As part of its run-up to nationwide 5G communications, T-Mobile has launched narrowband IoT, a series of bands intended specifically for sensors and other devices that communicate only small amounts of data at any one time, but which need a dedicated band in which to do it. To do this, T-Mobile has utilized the guard bands, which are narrow slices of frequencies next to their LTE bands used for cellular communications, as a way to achieve spectrum efficiency.
“Sensors don’t need to communicate that often and they only transmit a few bytes at a time,” said Balaji Sridharan, T-Mobile’s vice president of IoT (internet of things) and M2M (machine to machine). He said Qualcomm and others are already making the modems, modules and chips for narrowband IoT (NB IoT), and device makers are starting the process of getting them certified by the Federal Communications Commission. The IoT communications take place in the guard bands of LTE bands 2,4 and 12, which are already in use by T-Mobile.
The bandwidth devoted to IoT communications is about 200KHz, which is a tiny fraction of the bandwidth used by a cellular device. But because it’s devoted to IoT, the devices can use low power and low data rates, which means their batteries can last for years. Sridharan said he expects most of the use on these bands to be things like environmental sensors and asset tracking devices, although there is a vast number of types of devices that could use the T-Mobile network.
One type of device that won’t be on the IoT network is video. Sridharan said the bandwidth requirements for video are too high, and while there have been attempts to send compressed video using NB IoT, they weren’t commercially successful.
However, he expects significant success for devices that are well-suited for the IoT network. “You’re talking in the billions of connections,” Sridharan said. “Essentially what narrowband allows you to do is connect every single device out there.”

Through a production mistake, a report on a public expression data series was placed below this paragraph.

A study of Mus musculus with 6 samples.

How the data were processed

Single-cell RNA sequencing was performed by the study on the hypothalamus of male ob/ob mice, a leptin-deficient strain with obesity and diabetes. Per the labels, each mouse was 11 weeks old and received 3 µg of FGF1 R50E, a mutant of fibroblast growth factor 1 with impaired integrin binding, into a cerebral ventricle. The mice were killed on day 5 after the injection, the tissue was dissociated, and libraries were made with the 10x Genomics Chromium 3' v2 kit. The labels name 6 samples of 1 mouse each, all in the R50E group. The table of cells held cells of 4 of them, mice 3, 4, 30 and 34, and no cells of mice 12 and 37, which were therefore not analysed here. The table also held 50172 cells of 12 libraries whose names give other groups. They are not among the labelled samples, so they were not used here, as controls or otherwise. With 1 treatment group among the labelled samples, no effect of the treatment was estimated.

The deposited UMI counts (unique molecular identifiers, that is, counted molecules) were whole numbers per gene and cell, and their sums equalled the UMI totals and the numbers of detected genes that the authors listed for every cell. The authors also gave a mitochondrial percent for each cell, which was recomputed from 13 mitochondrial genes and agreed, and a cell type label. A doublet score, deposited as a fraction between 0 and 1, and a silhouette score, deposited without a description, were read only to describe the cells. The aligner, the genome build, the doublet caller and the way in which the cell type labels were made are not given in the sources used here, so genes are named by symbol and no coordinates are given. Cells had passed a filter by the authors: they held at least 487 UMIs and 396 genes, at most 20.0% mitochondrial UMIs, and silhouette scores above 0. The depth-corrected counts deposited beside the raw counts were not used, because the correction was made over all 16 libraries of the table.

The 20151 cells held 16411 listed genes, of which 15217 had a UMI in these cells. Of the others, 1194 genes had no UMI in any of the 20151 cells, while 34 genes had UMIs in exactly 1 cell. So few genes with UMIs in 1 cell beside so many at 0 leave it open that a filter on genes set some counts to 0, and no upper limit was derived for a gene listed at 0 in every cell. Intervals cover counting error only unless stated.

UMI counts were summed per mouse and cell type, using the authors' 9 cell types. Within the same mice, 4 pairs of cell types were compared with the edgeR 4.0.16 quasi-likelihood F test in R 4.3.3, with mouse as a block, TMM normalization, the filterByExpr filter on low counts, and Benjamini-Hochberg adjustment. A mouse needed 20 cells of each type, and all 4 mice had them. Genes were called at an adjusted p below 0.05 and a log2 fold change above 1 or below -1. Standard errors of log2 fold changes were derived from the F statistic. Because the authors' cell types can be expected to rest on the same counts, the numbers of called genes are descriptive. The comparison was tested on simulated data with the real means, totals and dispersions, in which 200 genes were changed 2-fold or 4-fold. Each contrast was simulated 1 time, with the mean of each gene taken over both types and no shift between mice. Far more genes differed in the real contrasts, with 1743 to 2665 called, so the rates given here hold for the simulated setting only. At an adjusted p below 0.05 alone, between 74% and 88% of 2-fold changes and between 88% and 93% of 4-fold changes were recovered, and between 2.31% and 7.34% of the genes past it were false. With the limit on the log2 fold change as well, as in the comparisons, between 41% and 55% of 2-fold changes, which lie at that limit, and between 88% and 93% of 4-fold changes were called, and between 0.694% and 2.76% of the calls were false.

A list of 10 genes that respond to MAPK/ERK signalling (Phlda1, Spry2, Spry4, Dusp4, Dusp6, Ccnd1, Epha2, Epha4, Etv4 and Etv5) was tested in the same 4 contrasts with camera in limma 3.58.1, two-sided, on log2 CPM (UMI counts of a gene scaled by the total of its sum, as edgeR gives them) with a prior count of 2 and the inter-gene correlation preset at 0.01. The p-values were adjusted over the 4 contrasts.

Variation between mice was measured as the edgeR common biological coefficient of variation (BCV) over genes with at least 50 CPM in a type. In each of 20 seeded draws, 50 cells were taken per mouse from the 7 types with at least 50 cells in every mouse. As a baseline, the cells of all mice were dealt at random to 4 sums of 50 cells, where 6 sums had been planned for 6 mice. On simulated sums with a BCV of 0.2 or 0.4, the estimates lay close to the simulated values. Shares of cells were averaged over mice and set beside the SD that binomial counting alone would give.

While the network is already up and running, currently there are very few devices able to take advantage of it. Sridharan said that will change in the next few months as devices are approved for use and then they’re incorporated into devices. Those devices are being made by Nokia and Ericsson, as well as by Qualcomm.
The T-Mobile action to go live with narrowband IoT happened less than a year after the company announced its intent last fall. Its first commercial test took place in January, and it was operational nationwide in July. Sridharan said one reason T-Mobile could provision its IoT network so quickly is because it simply required a software update to all of its cells. The infrastructure was already in place.
T-Mobile expects its NB IoT network to get a major share of device traffic for two reasons. First, it’s already running and device makers are already building products to run on the T-Mobile network, so when they’re needed, the network is there to work with them. The second reason is cost. T-Mobile’s current price for access to the IoT network is $6.00 per year. By comparison, Verizon’s plans are to charge about 10 times that much for its Cat-M devices. The T-Mobile price covers 12 megabytes per year.
While device makers are still in the process of gaining FCC certification, T-Mobile said in a prepared statement that “several NB-IoT modules based on Qualcomm’s MDM9206 LTE IoT modem are certified for use on T-Mobile’s network.”
The NB IoT field isn’t T-Mobile’s alone. AT&T is already working on provisioning its network for narrowband, but that move is still about six months from happening. Verizon hasn’t said when it plans to release narrowband communications for its network, although there’s speculation that it will happen in 2019.
However, there’s already being work done with T-Mobile’s IoT network. San Mateo County, Calif., has just opened an innovation center with T-Mobile’s NB IoT as one of the launch projects. The county plans to use the IoT network along with products and services from other vendors in a range of research activities that should eventually become ongoing activities. Those projects include environmental monitoring, water management, asset tracking, predictive waste collection and even parking management.
“It goes back to the commercial promise we made where you’re able to connect billions of devices,” said Sridharan. “This is the way we’re going to do it.”
“It’s very secure,” he added, “and it actually provides a great tool to lower the bar for experimentation. We’re working to get this in to the hands of the developer community.”
Getting the developer community on board would be a big help for T-Mobile, but the fact that they’re first by many months and cheaper by a lot when the whole thing gets started may make the most difference.